Proof CPAP improves your brain function!

Brain scanning technologies have been used for research and for clinical purposes for many years. Originally, we were only able to obtain measurements of structural components of the brain, like the size and shape of structures. These measurements are very useful, as they degeneration or structural abnormalities. However, our brains also have interesting functional components. Specifically, during a “resting state” period when we are thinking of nothing in particular, there are specific brain region activations occurring. There are a few regions that are often activated at the same time and to the same degree, suggesting these regions are actually working together. Sometimes, though, these regions will “decouple,” meaning one region will be less activated than usual. Untreated sleep apnea has been shown to contribute to this decoupling.

Given these facts, a study was created where a group of untreated sleep apnea sufferers were examined to see whether sleep apnea treatment (CPAP) could normalize brain function. The experimental group was divided between those on authentic CPAP and those on “sham” CPAP, which is a placebo machine that looks, feels and sounds like a real CPAP. These two groups were placed in an fMRI machine and resting state areas were scanned. After 2 months of CPAP treatment, subjects were scanned again and pre- and post-CPAP scans were compared between groups and with a group of healthy controls. 

When comparing the sleep apnea group (pre-treatment) with a control group of non-sleep apnea subjects, results showed in the apnea subjects there was a “decoupling” of brain regions. This decoupling disappeared, though, after 2 months of treatment. When comparing the group who was treated with real CPAP to themselves before they were treated, results showed an increased activation globally, meaning additional brain regions had increased in activation. In other words, there was more overall brain activity. In the sham group, however, there was no difference between the subjects and themselves at baseline, which was expected since they were not on any real sleep apnea treatment1.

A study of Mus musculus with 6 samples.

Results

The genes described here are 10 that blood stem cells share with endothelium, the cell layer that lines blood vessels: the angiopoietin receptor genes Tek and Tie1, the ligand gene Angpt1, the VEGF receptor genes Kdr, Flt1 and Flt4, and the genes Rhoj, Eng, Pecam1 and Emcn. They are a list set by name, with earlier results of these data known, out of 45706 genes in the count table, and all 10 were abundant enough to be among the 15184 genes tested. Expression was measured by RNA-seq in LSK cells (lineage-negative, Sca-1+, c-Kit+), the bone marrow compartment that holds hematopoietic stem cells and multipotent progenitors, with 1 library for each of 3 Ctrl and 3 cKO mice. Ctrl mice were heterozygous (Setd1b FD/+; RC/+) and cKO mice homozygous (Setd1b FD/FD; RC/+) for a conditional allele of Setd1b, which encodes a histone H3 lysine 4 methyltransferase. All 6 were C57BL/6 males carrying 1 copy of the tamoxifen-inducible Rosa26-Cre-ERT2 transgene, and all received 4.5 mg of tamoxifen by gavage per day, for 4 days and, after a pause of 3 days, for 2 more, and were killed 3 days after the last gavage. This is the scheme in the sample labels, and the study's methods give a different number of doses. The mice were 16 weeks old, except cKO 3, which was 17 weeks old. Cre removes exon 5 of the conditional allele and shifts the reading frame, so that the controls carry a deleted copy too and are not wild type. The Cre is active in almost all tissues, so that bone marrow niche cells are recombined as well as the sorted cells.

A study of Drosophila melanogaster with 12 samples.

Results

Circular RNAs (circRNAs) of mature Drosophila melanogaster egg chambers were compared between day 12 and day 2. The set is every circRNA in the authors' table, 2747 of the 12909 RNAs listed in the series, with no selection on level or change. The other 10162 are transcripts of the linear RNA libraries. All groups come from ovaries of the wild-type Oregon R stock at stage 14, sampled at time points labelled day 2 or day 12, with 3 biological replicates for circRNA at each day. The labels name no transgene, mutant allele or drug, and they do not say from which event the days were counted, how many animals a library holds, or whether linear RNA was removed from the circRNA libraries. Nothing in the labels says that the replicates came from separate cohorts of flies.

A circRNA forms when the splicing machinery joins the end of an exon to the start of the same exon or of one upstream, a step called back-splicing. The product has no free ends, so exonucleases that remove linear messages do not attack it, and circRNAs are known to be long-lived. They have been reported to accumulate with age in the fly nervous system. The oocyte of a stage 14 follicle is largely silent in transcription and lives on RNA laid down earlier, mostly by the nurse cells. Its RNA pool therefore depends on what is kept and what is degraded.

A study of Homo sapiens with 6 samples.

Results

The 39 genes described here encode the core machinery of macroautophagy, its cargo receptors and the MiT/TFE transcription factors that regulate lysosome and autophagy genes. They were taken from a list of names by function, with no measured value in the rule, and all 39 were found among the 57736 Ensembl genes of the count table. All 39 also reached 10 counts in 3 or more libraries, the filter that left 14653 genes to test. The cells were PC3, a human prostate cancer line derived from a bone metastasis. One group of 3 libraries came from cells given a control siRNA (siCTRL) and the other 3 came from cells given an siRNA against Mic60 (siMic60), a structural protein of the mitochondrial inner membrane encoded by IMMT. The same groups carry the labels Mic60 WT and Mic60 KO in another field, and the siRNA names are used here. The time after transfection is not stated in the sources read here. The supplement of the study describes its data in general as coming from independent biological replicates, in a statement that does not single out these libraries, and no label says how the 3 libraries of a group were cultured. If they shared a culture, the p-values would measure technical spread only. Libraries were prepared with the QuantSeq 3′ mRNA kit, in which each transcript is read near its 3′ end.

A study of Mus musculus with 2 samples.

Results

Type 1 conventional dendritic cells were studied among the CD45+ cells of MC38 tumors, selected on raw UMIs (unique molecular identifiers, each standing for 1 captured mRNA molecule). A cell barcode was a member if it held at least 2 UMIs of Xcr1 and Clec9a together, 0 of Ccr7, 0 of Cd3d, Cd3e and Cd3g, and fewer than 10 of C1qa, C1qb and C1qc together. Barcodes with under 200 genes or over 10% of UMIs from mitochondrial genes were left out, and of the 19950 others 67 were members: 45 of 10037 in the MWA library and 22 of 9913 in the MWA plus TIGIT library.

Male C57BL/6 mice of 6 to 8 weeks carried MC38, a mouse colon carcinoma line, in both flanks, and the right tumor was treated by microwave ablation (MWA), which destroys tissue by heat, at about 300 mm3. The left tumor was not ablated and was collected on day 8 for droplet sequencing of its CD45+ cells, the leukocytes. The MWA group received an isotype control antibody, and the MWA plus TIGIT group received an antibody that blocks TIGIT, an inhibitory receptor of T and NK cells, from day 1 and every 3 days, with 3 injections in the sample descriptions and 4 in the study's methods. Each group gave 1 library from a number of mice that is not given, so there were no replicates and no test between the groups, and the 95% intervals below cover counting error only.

Although there is speculation about what the “resting state” network actually means, accumulating evidence suggests that co-activation of regions during the resting state and during active thinking is indicative of brain health. This study shows that CPAP treatment improves brain functioning, visible using cutting-edge technological scanning. The solution is clear – stick to your PAP treatment!

1. Prilipko O, Huynh N, Schwartz S, Tantrakul V, Kushida C, et al. (2012) The Effects of CPAP Treatment on Task Positive and Default Mode Networks in Obstructive Sleep Apnea Patients: An fMRI Study. PLoS ONE 7(12): e47433. doi:10.1371/journal.pone.0047433

Janna Mantua


Janna is a PhD Student / Graduate Research Assistant at University of Massachusetts Amherst with a background in clinical sleep research and psychology. Janna Mantua is a PhD student in the Behavioral Neuroscience department at the University of Massachusetts. Her research focuses on sleep and aging, with specific projects on cognitive health, inflammation, memory formation, and neuroimaging. Prior to her PhD work, Janna was involved in research on sleep apnea and cognitive decline at the NYU Sleep Disorders Center.